Chris Boerner, Chief Commercial Officer

Shaping a shared commitment 

Bristol Myers Squibb's Chief Commercial Officer Chris Boerner describes how the company puts patients at the center of everything we do

November 04, 2018     

Earlier in my career, while working at a biotech company on the West Coast, my cousin was diagnosed with stomach cancer. She was two years older than me and, among the many members of our big, extended family, she was as close to me as a sister. I remember getting the call asking to help get her onto a clinical trial for an experimental cancer treatment my company at the time was developing. 

Sadly, my cousin passed away not long after she entered the trial. 

Her death was a crushing blow to me and my family. Grieving her death helped reaffirm that I wanted to work for a company that has a meaningful impact on people's lives. I also knew then that I wanted to work for a company that developed medicines that would help families avoid what we went through or give patients more time. My cousin had had three very young children and a few more years would have meant everything to her and her family — and to me. 

At the same time, I decided that I wanted to work for a company where patients are the focus of everyone’s work. I am fortunate to have found that company in Bristol Myers Squibb. 

'Who are you working for?'

At BMS, all colleagues play a critical role in helping us create and deliver life-changing therapies; and we’re focused on our patients in all that we do. 

To help each other visualize the patients whose lives depend on our work, we regularly ask each other, “Who are you working for?” By asking this question, sharing stories of patients, and listening to the many patients who visit and share their stories with us, we’re building a sense of purpose and pride that engages and motivates our employees and strengthens their focus on those who benefit from the medicines that we develop.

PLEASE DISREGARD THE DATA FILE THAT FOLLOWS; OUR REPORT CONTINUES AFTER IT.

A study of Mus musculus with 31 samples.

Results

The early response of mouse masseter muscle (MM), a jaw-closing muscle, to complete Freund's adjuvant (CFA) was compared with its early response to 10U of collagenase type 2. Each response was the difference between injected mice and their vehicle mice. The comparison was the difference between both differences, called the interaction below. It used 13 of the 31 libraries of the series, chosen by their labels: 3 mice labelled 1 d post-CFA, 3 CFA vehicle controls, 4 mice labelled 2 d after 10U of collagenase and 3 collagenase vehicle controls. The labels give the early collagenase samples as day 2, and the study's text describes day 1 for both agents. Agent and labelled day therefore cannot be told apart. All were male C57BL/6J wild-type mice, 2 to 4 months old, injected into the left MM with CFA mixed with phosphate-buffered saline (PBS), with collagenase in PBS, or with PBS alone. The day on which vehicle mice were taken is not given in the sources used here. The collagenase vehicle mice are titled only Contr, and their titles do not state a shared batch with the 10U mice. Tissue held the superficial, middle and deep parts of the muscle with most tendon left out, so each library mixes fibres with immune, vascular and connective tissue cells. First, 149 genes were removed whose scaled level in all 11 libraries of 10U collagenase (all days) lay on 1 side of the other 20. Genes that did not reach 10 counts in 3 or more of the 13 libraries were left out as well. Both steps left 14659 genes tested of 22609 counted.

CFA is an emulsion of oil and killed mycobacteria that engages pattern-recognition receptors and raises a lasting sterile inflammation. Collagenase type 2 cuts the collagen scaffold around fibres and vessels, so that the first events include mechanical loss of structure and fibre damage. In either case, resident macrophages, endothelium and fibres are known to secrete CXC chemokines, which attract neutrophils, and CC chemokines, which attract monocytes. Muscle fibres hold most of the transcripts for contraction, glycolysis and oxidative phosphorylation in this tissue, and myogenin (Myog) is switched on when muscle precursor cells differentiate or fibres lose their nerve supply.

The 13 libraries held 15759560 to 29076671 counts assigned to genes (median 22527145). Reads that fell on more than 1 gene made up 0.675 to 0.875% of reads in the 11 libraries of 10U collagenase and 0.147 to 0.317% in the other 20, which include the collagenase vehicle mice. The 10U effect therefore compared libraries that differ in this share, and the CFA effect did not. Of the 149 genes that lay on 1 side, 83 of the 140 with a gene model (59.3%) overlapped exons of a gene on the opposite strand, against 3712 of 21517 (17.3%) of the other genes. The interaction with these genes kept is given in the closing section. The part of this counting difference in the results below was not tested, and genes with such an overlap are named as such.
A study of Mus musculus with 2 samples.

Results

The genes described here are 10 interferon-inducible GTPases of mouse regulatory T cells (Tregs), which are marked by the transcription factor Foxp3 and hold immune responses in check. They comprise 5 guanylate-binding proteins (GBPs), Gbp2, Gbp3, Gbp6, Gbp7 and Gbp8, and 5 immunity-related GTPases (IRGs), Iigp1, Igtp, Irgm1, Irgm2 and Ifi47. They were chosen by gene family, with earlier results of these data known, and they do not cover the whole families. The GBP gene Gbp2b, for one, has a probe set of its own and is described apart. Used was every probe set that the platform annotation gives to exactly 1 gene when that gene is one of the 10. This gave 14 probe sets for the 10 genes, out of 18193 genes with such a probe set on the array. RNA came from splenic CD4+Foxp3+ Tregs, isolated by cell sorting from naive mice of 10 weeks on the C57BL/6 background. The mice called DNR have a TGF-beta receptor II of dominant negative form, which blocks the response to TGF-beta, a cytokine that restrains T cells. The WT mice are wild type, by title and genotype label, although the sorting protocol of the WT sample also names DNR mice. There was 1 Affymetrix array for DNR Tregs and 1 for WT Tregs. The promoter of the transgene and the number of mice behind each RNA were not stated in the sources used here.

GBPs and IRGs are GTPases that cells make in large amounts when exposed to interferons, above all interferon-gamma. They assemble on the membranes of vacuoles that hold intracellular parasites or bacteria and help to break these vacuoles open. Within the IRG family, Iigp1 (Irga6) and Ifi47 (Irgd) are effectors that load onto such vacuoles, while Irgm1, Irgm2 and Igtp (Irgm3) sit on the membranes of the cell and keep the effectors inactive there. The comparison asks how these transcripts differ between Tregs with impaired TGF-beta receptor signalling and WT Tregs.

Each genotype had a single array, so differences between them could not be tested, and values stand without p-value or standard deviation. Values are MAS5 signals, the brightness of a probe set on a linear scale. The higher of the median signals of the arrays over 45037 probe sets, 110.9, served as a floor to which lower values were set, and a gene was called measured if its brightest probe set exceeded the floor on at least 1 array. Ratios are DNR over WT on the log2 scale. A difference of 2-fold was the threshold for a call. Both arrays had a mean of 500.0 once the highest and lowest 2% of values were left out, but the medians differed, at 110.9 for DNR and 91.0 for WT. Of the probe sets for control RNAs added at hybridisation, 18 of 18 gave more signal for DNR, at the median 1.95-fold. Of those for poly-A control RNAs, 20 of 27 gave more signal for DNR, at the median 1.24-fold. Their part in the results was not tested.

And since we started asking “Who are you working for?” in 2014, our employees have shared countless stories of their loved ones who have faced cancer and other serious illnesses BMS is working to treat. Over the same time, the company began sharing patient stories in videos and on posters displayed throughout our offices. 

Our unyielding focus on patients defines the company’s culture and distinguishes BMS among its peers. It also means that we rarely, if ever, use the term “patient-centric,” because patient focus guides all that we do. 

Patient Input in All Phases

This includes our work to improve clinical trials through initiatives such as the Patient Engagement Networks, which bring together our R&D teams with patients to share feedback on trial protocols, identify barriers to participation and inform development of other advances. It also includes our efforts to personalize the care each patient receives.

Another example of this focus can be seen in our work to ensure that our medicines are supported by evidence of patients in the real world, not just in the clinical trials setting. The FDA recognizes the impact real-world data and evidence is playing in care and the increasing role this data has in healthcare decisions. We continue to use these lessons in our labs to adjust how we’re tackling solutions for patients.

However, even with a culture built on patient focus and a portfolio full of scientific and commercial strengths to deliver on our commitment to patients, we know we cannot do it all alone. This is why we collaborate with partners of all kinds and share ideas with thought leaders from many fields at venues such as the Financial Times Global Conference in London.

It’s in forums such as these that we’re able to discuss and hear a range of views on challenges such as shaping policies to enable better universal health outcomes and approaches to research and innovation that would support such improvements for patients. And it’s here I’m reminded of those who were not lucky enough to see such improvements.

In fact, every couple of weeks I will still remember the day when I got the call about my late cousin nine years ago, to help get her onto that clinical trial. As importantly and every day, I remind myself of how fortunate I am to work for a company committed singularly to the ideal I decided to pursue after my cousin passed: developing drugs that have a meaningful impact on people's lives and working for a company wholly focused on the patient.